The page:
Mark Twain once said that the mark of a classic is that everyone wants to have read it but not actually read it. It makes sense: Classics must provide some artistic or cultural value to be considered "classic" -- but they're just so boring. MSCHF just made the Western canon more exciting with Project Gucciberg. It's Project Gutenberg (a collection of public domain Western literature) meets the rapper Gucci Mane. Using Artificial Intelligence, MSCHF recreated his voice to read classics from Pride and Prejudice to Don Quixote.
Abstract: We introduce the GANsformer, a novel and efficient type of transformer, and explore it for the task of visual generative modeling. The network employs a bipartite structure that enables long-range interactions across the image, while maintaining computation of linearly efficiency, that can readily scale to high-resolution synthesis. It iteratively propagates information from a set of latent variables to the evolving visual features and vice versa, to support the refinement of each in light of the other and encourage the emergence of compositional representations of objects and scenes. In contrast to the classic transformer architecture, it utilizes multiplicative integration that allows flexible region-based modulation, and can thus be seen as a generalization of the successful StyleGAN network. We demonstrate the model's strength and robustness through a careful evaluation over a range of datasets, from simulated multi-object environments to rich real-world indoor and outdoor scenes, showing it achieves state-of-the-art results in terms of image quality and diversity, while enjoying fast learning and better data-efficiency.
Artificial intelligence (AI) can now transform photos of people into short, highly realistic animations, much like the moving pictures in the newspapers and posters of Harry Potter's magical world. In these AI-animated clips, faces that were once frozen in time blink, turn their heads and even smile, their movements wavering between astonishingly lifelike and deeply unsettling (and yes, downright creepy). Genealogy website MyHeritage introduced the animation engine on Feb. 25. Developed by technology company D-ID and known as Deep Nostalgia, it enables users to animate photos via the MyHeritage website, representatives said in a blog post. D-ID designed custom algorithms that recreate the naturalistic movement of human faces digitally, applying those subtle movements to photographs and modifying facial expressions that move as human faces normally do, according to the D-ID website.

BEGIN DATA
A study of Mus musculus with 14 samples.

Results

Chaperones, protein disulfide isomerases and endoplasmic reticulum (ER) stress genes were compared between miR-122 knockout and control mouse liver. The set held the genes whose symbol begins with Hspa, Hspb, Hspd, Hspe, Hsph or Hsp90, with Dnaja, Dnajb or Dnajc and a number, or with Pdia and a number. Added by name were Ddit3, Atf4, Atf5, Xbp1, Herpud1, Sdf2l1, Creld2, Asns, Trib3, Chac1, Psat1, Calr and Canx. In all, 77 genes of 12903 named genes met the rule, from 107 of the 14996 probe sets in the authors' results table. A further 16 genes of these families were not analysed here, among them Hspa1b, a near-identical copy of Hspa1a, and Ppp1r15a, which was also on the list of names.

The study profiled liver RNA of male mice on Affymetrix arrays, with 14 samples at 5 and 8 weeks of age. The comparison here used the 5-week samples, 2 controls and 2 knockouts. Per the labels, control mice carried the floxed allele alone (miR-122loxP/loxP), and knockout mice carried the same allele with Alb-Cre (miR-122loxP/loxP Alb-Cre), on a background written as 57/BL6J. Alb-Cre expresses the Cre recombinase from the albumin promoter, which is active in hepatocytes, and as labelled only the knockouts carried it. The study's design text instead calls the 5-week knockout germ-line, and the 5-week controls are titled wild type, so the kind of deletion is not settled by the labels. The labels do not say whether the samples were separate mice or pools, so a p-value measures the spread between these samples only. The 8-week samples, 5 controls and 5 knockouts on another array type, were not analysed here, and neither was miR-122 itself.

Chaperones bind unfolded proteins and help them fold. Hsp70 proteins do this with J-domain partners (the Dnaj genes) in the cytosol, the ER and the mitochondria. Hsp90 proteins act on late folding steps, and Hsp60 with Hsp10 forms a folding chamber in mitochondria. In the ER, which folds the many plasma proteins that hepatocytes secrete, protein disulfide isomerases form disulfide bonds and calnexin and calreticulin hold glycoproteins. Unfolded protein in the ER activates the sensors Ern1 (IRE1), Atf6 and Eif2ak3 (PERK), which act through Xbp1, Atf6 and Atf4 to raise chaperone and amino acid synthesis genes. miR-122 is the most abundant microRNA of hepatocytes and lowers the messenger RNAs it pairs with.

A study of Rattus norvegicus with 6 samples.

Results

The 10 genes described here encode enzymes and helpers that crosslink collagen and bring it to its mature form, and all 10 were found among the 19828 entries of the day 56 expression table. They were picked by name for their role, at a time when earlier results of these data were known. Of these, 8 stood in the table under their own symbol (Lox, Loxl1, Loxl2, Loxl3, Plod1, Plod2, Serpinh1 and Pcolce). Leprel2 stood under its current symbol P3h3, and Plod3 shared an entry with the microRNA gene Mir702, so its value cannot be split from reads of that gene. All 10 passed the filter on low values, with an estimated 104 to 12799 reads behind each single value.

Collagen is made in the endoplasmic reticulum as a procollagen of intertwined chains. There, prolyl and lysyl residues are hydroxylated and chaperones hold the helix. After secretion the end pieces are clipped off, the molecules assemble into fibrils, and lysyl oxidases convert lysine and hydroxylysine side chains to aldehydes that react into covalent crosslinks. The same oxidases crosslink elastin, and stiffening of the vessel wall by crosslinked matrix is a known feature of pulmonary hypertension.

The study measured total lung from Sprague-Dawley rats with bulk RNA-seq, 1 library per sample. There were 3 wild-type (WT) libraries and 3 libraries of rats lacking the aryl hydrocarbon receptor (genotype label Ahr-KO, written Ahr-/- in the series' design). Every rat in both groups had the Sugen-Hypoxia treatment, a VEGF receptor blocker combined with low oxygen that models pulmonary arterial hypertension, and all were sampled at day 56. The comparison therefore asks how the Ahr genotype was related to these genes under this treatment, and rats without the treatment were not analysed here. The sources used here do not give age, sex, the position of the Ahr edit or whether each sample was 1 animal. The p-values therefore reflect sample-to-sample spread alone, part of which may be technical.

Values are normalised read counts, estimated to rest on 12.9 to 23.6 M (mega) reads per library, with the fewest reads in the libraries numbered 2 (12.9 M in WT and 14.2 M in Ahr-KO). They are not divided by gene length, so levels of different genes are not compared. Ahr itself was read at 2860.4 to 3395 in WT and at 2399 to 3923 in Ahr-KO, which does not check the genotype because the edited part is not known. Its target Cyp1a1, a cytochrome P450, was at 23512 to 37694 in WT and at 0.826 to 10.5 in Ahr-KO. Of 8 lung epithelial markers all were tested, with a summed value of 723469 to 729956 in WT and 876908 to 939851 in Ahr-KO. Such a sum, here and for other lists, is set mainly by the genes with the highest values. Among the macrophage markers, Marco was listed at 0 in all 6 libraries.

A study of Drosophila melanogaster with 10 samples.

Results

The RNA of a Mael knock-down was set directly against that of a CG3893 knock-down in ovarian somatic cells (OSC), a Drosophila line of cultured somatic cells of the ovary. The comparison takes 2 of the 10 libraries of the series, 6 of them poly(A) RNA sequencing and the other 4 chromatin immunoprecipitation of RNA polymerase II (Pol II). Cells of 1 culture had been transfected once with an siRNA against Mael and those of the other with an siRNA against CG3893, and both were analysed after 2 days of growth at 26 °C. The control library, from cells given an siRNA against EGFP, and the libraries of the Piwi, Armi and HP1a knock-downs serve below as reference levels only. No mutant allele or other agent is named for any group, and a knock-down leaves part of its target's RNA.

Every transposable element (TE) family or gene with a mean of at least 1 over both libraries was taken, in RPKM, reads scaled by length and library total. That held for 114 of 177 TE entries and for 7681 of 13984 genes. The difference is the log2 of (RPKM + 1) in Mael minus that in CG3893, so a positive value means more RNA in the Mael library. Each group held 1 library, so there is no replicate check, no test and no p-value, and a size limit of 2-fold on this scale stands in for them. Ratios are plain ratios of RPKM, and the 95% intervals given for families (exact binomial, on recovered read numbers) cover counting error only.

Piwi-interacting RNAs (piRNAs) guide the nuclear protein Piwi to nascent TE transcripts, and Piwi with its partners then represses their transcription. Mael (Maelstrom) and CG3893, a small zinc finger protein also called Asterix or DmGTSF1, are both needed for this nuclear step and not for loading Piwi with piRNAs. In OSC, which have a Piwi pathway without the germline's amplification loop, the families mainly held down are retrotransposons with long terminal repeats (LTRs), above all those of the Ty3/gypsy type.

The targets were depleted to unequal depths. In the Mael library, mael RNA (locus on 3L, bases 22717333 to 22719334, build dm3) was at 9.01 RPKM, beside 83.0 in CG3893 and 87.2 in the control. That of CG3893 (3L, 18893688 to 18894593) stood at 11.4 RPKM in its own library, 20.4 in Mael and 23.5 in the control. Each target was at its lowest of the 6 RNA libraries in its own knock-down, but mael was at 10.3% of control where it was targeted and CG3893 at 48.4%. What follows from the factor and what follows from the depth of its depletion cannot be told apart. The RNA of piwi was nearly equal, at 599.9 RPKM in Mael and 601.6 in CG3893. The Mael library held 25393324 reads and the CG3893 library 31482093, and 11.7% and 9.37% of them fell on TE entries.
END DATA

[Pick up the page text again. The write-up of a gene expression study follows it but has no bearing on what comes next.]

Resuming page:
Hi, I'm working in a museum, currently trying to optically characterize a big historic lens. Unfortunately, it is mounted in a device which can't really be taken apart (issues of conservation), so conventional methods are rather hard to do. I've been loosely following the advances in neural network based approaches ("Two minute papers" kinda stuff) and was wondering if anyone has already realized a solution to my problem using machine learning or similar techniques. That is: Print out a defined optical pattern (like a QR code), "wave" it on one side of the lens and record the image with a camera on the other to get a 3D model of the lens in the end. In my head, it should be possible to train a network using conventional light simulation of randomly generated glass bodies.
Machine learning is a type of artificial intelligence, but it's not the style and kind of A.I. While artificial intelligence is a measure of a computer's intellectual ability, machine learning is a type of artificial intelligence used to build intellectual ability in computers. Today, IBM offers a service called IBM Watson Machine Learning that allows third parties to use their technology to build, train, and test predictive software like the kind used by the Watson supercomputer, which needed the ability to independently'understand' and'respond' to human writing and speech. Watson the supercomputer is artificial intelligence, while Watson's ability to'understand' language and respond using it is machine learning, much the same kind a digital assistant like Alexa uses to be able to talk to you. Artificial intelligence as we most often see it in the movies is much more advanced than IBM's Watson, but machine learning will be an essential component of higher-level A.I., like proper robots and androids, just as it's an important component of Watson.
In a digital world overloaded with content and short on resources, reaching and engaging new audiences has been a persistent challenge for creative industries. Some top media players have turned to artificial intelligence (AI) for a possible solution. But the adoption of AI-powered technologies in the media has been slow compared to its uptake in other sectors, she said, speaking at an online event organized by the European Broadcasting Union's AI and Data Initiative (AIDI). Lack of resources, limited understanding, and the low number of use cases to date continue to hold back media AI use, she added. The AI Maturity Model produced by digital consultancy Gartner shows the media using AI mostly on active and operational levels.
In many papers like " Matching Networks for One Shot Learning " support set of images play a big role. However, I have trouble understanding what support set is? My understanding is- If I have trained my model on classes-"cat" and "dog". So during training my support set will have images of cats and dogs. But when at time of testing I wanted to see if image of " Horse" is there in image of support set or not. So can my support set have new image class(horse here). During testing time can I use this kind of 1 shot network to find my test image in collection of support image given while inference?